Danny Hultzen and Taijuan Walker are the more hyped prospects in Double-A Jackson's rotation. Just don't call James Paxton the Generals' third wheel.
The former fourth-round pick put on opening act that will be tough for his fellow Mariners prospects to follow, striking out 10 over 5 2/3 scoreless innings Friday as Jackson edged the Birmingham Barons, 2-1.
"Going out there for the first time [this season], I was just trying to be aggressive," Paxton said. "I wanted to be in the zone, throwing strikes, making the guys swing the bat, being consistent.
"It was great to get back out there. It's definitely different with the fans in the stadium, the lights are on. It was a lot of fun tonight."
The Generals rotation figures to draw a lot of attention, with Paxton joined by Hultzen, the second overall pick in the 2011 Draft and MLB.com's No. 16 overall prospect, and Walker, ranked No. 18.
Paxton said the trio plans to use its time together to pick things up from one other and build off their respective success.
"We spent a lot of time together in Spring Training, too. I really like those guys," he added. "We want to help each other out, learn from each other and help each other move along through the season."
On Friday, it was Paxton -- pegged No. 77 by MLB.com -- who looked like the most advanced of the three. He relied on two-seam and four-seam fastballs, with a little less emphasis on his curveball.
"Early in the game. I was throwing a lot of four-seamers, feeling good. Then the curveballs came along and I was able to throw those for strikes," the University of Kentucky product said. "Later, I was throwing a two-seamer that was moving for me, missing bats, so that felt good."
Paxton noted that one of the things he also wants to work on as the season progresses is a changeup he tinkered with earlier this spring. He was able to harness it for the most part against Birmingham.
"That's something I've been trying to throw more, to get more comfortable with," he said. "I was able to throw it for some strikes there at the end, thought I threw some good ones. It's something I just need to continue to work on."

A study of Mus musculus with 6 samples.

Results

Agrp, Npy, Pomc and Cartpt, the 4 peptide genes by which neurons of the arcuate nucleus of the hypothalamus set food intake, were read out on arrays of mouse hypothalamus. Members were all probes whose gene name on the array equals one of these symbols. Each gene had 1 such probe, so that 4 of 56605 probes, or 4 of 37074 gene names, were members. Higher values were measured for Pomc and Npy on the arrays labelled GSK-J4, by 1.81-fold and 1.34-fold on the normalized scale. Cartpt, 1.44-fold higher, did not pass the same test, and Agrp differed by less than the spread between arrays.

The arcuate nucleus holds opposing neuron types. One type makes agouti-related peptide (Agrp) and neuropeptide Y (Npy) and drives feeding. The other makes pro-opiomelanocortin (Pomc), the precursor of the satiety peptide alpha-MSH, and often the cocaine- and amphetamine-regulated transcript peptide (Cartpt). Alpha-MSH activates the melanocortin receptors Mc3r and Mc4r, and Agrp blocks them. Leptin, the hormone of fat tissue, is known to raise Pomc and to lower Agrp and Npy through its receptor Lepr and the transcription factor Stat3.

Paxton spent some time with Jackson last season, his first full year of pro ball, making seven starts after a promotion from Class A Clinton. He didn't experience any difficulties transitioning to the new level, going 3-0 with a 1.85 ERA while striking out 51 batters and walking 13 over 39 innings.
Those results earned Paxton a brief trip to Major League camp with Seattle, where he pitched two innings in his lone appearance. He said one of the most important insights he picked up was seeing the approach big league hitters take at the plate.
"Watching those guys go about their business was big for me," he said. "You just watch the hitters and their swings and how they work different counts and you start to understand a lot more."
With the numbers he's put up and his experience, it's possible Paxton won't be staying long in Jackson. But the British Columbia native said he's mostly just thinking about mastering the mechanical things that have made him successful so far.
"I just want to be more consistent, get ahead of hitters," he said. "I'm focusing on the process more than the results."